CGTN | Updated: 2023-03-31 15:12

Russian conductor Valery Gergiev and Mariinsky Orchestra perform at the NCPA in Beijing on March 27. [Photo by Jiang Dong/China Daily]

Returning to Chinese stage after over three years, staging Russian pieces from Prokofiev, Rimsky-Korsakav and Tchaikosky, Maestro Valery Gergiev and his Maeriinsky Orchestra have won applause from around the world.

Maestro Gergiev has performed around ten times before in National Center for the Performing Arts (NCPA) and he's happy to be back again.

Valery Gergiev, the conductor of Mariinsky Orchestra said: "I feel privileged, happy and honored to see the partnership between Mariinsky and NCPA, also between me personally and Chinese musicians. Going back many years ago, since the very beginning, the birth of NCPA, I was here. I feel like in many ways, I come home after three and a half years."

The orchestra is among the first set of international musicians that the National Center for the Performing Arts has presented since the pandemic. The venue will host a variety of international artists and groups later this year. According to the China Association of Performing Arts, nearly 1,000 overseas performances have been confirmed for the Chinese mainland in 2023.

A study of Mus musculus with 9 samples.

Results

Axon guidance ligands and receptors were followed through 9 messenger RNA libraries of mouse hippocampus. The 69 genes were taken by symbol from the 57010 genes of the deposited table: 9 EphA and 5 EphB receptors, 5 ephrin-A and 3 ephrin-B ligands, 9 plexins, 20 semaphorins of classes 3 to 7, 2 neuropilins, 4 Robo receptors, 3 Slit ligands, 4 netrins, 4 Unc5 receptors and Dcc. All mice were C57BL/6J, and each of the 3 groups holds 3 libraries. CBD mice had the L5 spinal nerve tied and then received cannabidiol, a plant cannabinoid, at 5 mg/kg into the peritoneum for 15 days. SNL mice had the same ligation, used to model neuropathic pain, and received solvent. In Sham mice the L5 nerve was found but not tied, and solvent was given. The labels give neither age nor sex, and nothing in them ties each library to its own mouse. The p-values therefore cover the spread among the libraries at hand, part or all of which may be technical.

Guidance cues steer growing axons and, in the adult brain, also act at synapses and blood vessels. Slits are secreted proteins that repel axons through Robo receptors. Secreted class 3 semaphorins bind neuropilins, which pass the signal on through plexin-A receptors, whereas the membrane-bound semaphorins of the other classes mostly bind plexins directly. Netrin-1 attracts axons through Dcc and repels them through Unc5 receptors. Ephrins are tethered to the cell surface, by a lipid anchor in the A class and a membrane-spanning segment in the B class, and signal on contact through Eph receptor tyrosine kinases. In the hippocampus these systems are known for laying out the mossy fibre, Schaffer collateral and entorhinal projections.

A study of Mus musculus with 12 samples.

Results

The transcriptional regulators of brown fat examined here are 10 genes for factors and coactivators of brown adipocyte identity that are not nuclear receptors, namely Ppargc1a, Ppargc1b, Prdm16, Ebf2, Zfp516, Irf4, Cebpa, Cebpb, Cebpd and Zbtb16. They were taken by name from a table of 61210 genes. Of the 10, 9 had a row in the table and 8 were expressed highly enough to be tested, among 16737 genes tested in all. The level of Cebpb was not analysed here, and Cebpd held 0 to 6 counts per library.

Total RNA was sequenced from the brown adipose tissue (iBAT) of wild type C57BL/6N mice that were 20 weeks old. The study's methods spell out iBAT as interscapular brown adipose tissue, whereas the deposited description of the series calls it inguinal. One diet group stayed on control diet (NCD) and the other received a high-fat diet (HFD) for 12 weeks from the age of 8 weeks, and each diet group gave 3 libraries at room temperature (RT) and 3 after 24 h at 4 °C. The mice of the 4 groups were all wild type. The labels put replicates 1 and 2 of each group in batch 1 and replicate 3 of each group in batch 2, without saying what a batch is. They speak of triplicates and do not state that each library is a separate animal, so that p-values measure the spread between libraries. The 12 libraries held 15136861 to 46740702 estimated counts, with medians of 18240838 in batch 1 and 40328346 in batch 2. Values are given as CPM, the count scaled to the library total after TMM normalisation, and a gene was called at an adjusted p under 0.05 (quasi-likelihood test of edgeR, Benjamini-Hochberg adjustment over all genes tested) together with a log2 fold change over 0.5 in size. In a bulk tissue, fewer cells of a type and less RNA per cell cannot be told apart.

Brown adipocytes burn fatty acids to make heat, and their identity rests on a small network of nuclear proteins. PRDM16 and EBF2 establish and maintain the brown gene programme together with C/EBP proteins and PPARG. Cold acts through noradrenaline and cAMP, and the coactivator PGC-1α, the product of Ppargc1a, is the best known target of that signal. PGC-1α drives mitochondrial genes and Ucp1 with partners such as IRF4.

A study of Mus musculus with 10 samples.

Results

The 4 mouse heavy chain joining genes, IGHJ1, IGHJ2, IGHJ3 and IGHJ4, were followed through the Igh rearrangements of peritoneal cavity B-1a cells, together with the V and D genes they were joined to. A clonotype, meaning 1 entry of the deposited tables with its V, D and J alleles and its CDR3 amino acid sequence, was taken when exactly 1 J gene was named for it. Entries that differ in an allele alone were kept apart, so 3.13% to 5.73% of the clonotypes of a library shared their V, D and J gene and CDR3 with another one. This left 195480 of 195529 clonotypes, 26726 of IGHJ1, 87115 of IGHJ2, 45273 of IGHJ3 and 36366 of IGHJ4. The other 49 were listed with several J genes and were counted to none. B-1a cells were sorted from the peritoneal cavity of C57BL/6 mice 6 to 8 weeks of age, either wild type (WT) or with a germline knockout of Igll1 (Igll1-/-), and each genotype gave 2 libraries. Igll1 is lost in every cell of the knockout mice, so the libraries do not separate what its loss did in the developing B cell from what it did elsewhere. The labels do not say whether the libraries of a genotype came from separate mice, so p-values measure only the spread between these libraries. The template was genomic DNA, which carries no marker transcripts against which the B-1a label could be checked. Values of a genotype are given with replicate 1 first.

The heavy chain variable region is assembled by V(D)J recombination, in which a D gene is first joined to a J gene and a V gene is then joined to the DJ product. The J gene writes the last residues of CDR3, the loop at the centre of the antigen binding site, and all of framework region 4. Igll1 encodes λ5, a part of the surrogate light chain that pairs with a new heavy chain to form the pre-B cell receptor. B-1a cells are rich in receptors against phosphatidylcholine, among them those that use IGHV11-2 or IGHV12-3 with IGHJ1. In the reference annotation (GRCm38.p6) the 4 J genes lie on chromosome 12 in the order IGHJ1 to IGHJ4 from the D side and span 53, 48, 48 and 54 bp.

While, culture exchanges are being strengthened as more international plays hit Chinese theaters and more Chinese cultural events and projects head overseas.

The collaboration between the US-China Music Institute of the Bard College, the Conservatory of Music in New York and the Central Conservatory of Music in Beijing got started in 2018.

Students studying Chinese instruments including Erhu, Guzhen, and Pipa are sent to Bard College, and foreigners studying Chinese folk music get to visit China.

The cooperation renewed for a further five years.

Cai Jindong, the director of US-China Music Institute, Bard College said: "Since our program started five years ago, now we have 25 students focusing on Chinese music or Chinese instruments, and some come from America. Our program has helped Westerners develop interest in Chinese music; they are welcome to learn the instruments, in that way, we can really create this communication between those two cultures."

As China reopens, more overseas performances are scheduled, some even lining up for later years. As Maestro Gergiev said, "Great music belongs to the world, music can break walls and has no boundary."